The African Folk Tune, Kye Kye Kule, is a game song from Ghana that I have used successfully for group activity. It is great for teaching quarter note rhythm and syncopation. The fun part is touching head shoulders, knees and toes while singing the syncops.
In Keys to Imagination’s publication, "Are We There Yet: A Musical Journey Around the Globe", you will find activities related to Kye Kye Kule. Often I have my beginners learn the syncopation by rote, while the intermediate students learn to read the actual notation. Rote teaching is how this music would traditionally have been taught and learned.
I love using this particular African piece since the feeling of a samba rhythm runs through the length of the piece. I can explain to students how slaves returned to African on ships and brought with them the sounds of Brazilian music. The melody itself is based on a major scale demonstrating western influence within Ghana. Most typical folk music relies upon five note scales or modes.
In "Are We There Yet" the following suggestions are made for class participation. These are good for any size group.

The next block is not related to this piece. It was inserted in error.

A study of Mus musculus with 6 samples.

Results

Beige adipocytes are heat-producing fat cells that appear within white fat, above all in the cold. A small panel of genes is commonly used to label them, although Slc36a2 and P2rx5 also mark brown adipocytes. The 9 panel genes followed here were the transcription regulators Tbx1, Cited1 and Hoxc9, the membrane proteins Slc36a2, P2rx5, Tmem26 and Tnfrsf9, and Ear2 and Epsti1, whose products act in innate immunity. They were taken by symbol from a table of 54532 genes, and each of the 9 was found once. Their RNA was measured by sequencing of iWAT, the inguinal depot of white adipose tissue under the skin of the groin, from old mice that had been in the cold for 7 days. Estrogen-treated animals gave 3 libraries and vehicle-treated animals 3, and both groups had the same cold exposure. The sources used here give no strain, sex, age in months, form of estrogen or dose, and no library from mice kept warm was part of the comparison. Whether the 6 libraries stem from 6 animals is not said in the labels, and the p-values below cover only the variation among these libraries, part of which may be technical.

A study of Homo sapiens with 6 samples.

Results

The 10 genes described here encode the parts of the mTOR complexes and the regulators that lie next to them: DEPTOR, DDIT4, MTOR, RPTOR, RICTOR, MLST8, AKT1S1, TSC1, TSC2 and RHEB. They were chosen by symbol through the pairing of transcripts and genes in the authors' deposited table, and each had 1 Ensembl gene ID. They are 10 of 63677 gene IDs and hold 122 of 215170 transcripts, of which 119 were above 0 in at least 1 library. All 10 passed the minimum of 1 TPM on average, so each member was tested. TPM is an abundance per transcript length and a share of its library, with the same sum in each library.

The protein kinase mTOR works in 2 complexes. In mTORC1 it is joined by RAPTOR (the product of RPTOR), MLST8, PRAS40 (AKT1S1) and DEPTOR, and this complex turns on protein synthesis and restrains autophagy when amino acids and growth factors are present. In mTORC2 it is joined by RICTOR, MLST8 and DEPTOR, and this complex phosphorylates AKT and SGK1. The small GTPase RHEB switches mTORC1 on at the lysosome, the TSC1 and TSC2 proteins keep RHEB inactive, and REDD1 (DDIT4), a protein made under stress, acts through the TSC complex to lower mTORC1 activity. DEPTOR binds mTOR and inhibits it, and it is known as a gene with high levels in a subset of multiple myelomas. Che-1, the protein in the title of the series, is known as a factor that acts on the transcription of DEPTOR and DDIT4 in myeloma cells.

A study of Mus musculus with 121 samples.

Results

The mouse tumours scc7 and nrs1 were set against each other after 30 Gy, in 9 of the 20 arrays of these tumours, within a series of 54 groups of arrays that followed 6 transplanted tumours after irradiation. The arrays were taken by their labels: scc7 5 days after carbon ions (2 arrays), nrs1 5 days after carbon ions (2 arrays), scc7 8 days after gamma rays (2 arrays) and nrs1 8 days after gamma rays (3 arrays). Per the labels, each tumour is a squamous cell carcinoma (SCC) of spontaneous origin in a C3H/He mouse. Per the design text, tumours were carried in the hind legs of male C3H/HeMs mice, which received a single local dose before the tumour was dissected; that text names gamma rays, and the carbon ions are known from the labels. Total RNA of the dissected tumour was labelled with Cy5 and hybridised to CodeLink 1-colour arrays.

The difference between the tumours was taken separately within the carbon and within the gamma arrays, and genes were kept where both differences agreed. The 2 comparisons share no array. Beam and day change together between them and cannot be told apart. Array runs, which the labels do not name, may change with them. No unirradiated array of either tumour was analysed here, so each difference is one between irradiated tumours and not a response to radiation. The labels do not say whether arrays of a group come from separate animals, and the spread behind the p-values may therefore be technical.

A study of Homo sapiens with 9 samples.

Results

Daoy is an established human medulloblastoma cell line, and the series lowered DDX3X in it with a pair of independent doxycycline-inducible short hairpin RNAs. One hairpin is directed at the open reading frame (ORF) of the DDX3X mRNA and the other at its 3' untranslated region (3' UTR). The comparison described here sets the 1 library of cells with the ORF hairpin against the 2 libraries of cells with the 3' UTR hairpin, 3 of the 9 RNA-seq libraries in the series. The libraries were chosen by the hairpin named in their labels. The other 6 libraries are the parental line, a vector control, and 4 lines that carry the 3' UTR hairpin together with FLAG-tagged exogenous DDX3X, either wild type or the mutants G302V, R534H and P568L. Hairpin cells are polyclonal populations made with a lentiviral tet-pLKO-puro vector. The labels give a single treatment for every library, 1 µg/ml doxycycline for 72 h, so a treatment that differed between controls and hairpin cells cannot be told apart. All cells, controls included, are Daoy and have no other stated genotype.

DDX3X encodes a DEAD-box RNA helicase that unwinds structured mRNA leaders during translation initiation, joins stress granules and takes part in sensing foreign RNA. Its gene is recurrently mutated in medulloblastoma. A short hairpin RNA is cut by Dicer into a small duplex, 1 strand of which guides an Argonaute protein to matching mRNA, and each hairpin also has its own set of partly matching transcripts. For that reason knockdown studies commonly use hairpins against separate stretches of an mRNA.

Kye Kye Kule
(From "Are We There Yet")
- Small intervals are good for singing (2nds, 3rds, 4ths, 5ths).
- Call and Response -practice in groups.
- Each group speaks the words in their measures while clapping on the beat 1 or 2.
- (They are practicing tapping and counting with syncopation) In camp we touch shoulders while twisting and turning, then knees, then toes. Great activity to get them feeling the pulse.
- One group can tap or use sticks for syncopated rhythm while other group sings (emphasize downbeats).
- Repetitive rhythm is called ostinato.
- Repeat using shakers, swing hands or improvise movements moving.
The syncopation is good preparation for piano repertoire such as March in D by J.S. Bach. The syncopation in Kye Kye Kule is fun to do and will make similar rhythm in March in D easier as a result.